It has been almost four years since The War on Drugs released their critically acclaimed milestone of a third album Lost in the Dream, the record shifted the notch for the band and moved them from well regarded semi-obscurity to the major leagues. Over the course of their three albums The War On Drugs – in particular leading man Adam Granduciel – grew a sound that gained both praise and criticism in its stylistic embracement of classic rock.
The comparisons to Bruce Springsteen and the later work of Bob Dylan, although overused, hold fair merit and it is these grandiose elements that set The War On Drugs apart from the current crop of Dream Pop and No Wave bands who have been heavily prevalent in the past decade – especially with their tendencies to shy away from the former extravagance of this genre. However, in many ways The War On Drugs do hold similarities to their peers and it is often the stigma of the ‘classic rock’ comparisons that shape people’s judgments on the band’s sound rather than the reverb laden, synth heavy and experimental music itself.
This placement of purgatory between stadium rock and contemporary indie puts The War On Drugs in a unique position, one that allows them the freedom to swerve away from the curve, pull influence from both the past and the present and embrace genres which are often frowned upon. However it also leaves the issue that pulling too far could alienate the band from what set them apart in the first place.
Following on from this could only ever put Granduciel in a difficult position, A Deeper Understanding is their first release for major label Atlantic after several years on Secretly Canadian and, although it is his fourth full length as The War On Drugs, the release holds all of the expectations and anticipation related to a notoriously tricky second album.
Opening track ‘Up all night’ provides a somewhat false impression for what is to come, especially in terms of pace. With its electronic pulse and weaving percussion sat jarringly parallel to the keyboards and vocals before finding a sense of syncopation midway through. It is a tightly packed track full of excitement, a mishmash of sounds and instruments merge into a magnificent whole. The Wurlitzer introduction to ‘Knocked Down’ is emotive enough to warrant an entire album of its own even before heading into a truly stunning stripped-back chorus. However the extended outro to ‘Nothing To Find’ with its lead guitar and rock radio friendly “whoo’s” perhaps don’t give much in terms of counter to Mark Kozelek infamous “beer commercial lead-guitar” quote.
It would be hard for even the most cynical of listeners to deny that not only the songs, but every individual sonic element from which they are formed sound beautiful. It’s clear that countless hours of scrutiny must have been spent on perfecting this work; the recordings have no digital harshness but by no means lose fidelity, you’ll find no slapdash contemporary approaches to the arrangements and production, everything is thought out and ‘fuller’. Instruments have been picked out through trial and error to find the fitting piece and not simply through obvious, lazy or expected choices which vary from a lone Casio to an everything-but-the-kitchen-sink orchestration.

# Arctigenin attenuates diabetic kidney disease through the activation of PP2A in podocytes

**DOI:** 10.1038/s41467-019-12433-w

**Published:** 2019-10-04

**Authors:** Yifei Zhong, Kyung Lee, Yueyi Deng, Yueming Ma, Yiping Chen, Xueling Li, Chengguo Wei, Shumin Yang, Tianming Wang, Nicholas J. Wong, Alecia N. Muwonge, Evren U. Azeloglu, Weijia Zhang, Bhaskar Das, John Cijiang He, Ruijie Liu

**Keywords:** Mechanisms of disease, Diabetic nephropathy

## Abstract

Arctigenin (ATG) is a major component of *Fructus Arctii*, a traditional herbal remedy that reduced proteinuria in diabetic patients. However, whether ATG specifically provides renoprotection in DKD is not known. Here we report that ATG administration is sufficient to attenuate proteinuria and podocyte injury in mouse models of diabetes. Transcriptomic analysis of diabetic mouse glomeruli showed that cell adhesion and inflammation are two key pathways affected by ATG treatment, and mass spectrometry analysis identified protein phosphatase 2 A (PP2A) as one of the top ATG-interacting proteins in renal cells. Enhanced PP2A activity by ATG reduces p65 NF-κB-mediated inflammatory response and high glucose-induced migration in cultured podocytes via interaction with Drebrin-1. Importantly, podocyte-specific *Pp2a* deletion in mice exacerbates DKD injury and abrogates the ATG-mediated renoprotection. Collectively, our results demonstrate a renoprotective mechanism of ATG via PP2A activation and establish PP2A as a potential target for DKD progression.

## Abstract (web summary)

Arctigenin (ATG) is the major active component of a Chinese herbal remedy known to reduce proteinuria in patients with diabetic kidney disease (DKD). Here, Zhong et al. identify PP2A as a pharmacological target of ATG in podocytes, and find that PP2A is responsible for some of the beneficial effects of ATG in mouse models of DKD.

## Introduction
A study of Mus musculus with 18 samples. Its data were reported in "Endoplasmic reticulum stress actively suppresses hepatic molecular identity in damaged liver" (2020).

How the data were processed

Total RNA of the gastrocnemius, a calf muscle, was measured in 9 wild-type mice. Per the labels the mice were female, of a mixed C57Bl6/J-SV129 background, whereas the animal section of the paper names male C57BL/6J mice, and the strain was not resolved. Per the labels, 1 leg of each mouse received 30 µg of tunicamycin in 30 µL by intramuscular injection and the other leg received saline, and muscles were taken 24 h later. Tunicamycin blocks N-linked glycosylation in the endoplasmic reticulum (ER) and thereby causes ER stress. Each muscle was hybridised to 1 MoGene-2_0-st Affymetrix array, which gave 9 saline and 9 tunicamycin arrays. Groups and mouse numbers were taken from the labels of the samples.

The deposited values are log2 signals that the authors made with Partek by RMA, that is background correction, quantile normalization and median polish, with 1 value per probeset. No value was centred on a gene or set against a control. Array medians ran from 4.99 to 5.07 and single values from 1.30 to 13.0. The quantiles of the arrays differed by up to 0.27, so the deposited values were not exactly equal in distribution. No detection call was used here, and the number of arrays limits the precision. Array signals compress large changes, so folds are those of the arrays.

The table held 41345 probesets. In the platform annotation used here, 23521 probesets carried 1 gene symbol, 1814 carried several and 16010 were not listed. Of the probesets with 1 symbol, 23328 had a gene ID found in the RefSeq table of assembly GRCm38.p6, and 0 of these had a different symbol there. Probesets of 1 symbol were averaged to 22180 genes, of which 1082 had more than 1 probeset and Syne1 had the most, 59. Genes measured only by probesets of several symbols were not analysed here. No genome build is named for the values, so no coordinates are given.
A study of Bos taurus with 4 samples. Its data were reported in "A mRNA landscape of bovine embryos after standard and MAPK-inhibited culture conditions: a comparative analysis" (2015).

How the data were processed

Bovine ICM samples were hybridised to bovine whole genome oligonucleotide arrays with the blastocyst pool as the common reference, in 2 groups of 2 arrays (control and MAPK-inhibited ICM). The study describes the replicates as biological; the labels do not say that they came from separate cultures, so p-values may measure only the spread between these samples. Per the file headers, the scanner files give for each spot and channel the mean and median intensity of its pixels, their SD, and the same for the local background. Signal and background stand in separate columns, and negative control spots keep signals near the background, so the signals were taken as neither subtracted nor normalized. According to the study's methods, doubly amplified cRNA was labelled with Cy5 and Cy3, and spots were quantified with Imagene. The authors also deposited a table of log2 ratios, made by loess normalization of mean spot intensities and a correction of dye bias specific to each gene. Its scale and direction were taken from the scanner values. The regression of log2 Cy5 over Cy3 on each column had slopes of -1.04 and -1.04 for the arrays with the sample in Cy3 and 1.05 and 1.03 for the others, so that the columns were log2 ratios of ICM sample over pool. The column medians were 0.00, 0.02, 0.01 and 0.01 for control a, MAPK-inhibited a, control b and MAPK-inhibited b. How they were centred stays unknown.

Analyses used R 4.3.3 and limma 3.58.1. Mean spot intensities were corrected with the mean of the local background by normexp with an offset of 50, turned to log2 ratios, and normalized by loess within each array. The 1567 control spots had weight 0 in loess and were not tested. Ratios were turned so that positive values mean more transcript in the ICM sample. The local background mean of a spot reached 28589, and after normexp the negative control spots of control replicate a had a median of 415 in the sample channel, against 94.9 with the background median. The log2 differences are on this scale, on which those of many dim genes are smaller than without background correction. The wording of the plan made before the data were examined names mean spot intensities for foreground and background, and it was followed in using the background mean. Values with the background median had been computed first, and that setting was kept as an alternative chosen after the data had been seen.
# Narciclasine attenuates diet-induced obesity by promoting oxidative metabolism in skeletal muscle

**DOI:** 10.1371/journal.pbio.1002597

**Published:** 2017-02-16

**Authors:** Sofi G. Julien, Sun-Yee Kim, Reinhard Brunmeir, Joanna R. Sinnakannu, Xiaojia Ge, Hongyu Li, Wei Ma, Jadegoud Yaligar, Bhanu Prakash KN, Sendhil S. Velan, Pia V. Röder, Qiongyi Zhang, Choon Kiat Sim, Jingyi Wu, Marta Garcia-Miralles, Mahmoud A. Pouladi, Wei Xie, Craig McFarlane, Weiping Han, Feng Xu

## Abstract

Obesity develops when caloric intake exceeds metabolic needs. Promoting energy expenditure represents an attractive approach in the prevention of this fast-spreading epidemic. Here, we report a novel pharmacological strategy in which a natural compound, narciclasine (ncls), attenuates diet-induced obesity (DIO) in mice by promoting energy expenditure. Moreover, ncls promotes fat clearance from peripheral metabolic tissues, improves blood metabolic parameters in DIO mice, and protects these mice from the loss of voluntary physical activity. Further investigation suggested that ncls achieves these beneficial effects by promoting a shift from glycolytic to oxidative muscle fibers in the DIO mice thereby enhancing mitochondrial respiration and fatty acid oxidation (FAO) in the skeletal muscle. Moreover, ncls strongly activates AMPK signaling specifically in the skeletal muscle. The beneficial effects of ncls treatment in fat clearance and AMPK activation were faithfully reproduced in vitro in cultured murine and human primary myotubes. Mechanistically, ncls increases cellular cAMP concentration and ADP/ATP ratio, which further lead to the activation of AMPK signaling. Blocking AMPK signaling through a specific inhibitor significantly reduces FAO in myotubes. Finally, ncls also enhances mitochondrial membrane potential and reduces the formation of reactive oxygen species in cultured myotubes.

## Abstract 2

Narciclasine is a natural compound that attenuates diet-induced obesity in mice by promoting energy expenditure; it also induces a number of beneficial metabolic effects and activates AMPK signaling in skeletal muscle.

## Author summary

A song such as ‘Pain’ ends with modulated synths to counteract the fuzzy guitar that sit abruptly behind it and help it transition into the Chariots of Fire era Vangelis arpeggio of ‘Holding On’, which you are quickly distracted from by the classic rock lead guitar line, the guitar is then replaced by accented bells and strings which on the first five listens you don’t even notice. This all happens in the space of 30 seconds and you could take a snapshot like this at any point on the record and discover a intricate web of layers. A Deeper Understanding is endlessly detailed.
The lyrics across the album are strong but often embedded so much into Granduciel’s Dylan-esque drawl that it becomes distracted from the content and although seemingly a cheap comparison to make the similarity in vocal characteristics are too noticeable for this not to be made. The album’s 10 tracks average around the six-minute mark which is no mean feat for both Granduciel and listener, but ultimately each is rewarding with their true grandeur not being witnessed until several minutes in. ‘Thinking of a Place’ reaches a staggering 11 minutes 10 seconds, within which it works through segments as a symphony would through movements, maintaining motifs and fragments of lyrics while instruments and textures shape the scenes on which Granduciel’s lyrical narrative embeds itself.
It is impossible to deny that A Deeper Understanding is a spectacular sounding record, luscious and dream like, filled to the brim with details and hidden intricacies. But like a dream, it is difficult to remember much about the album once it has finished. It is an album clearly set to top many end of year polls and further propel The War On Drugs to main-stage headliner status, and deservedly so. But in truth, where the album supplies graft and craftsmanship rarely seen anymore and embodies the former glories of rock music in abundance it occasionally misses the mark with its purpose. An impeccably detailed sounding record, with the detail sometimes overpowering the substance.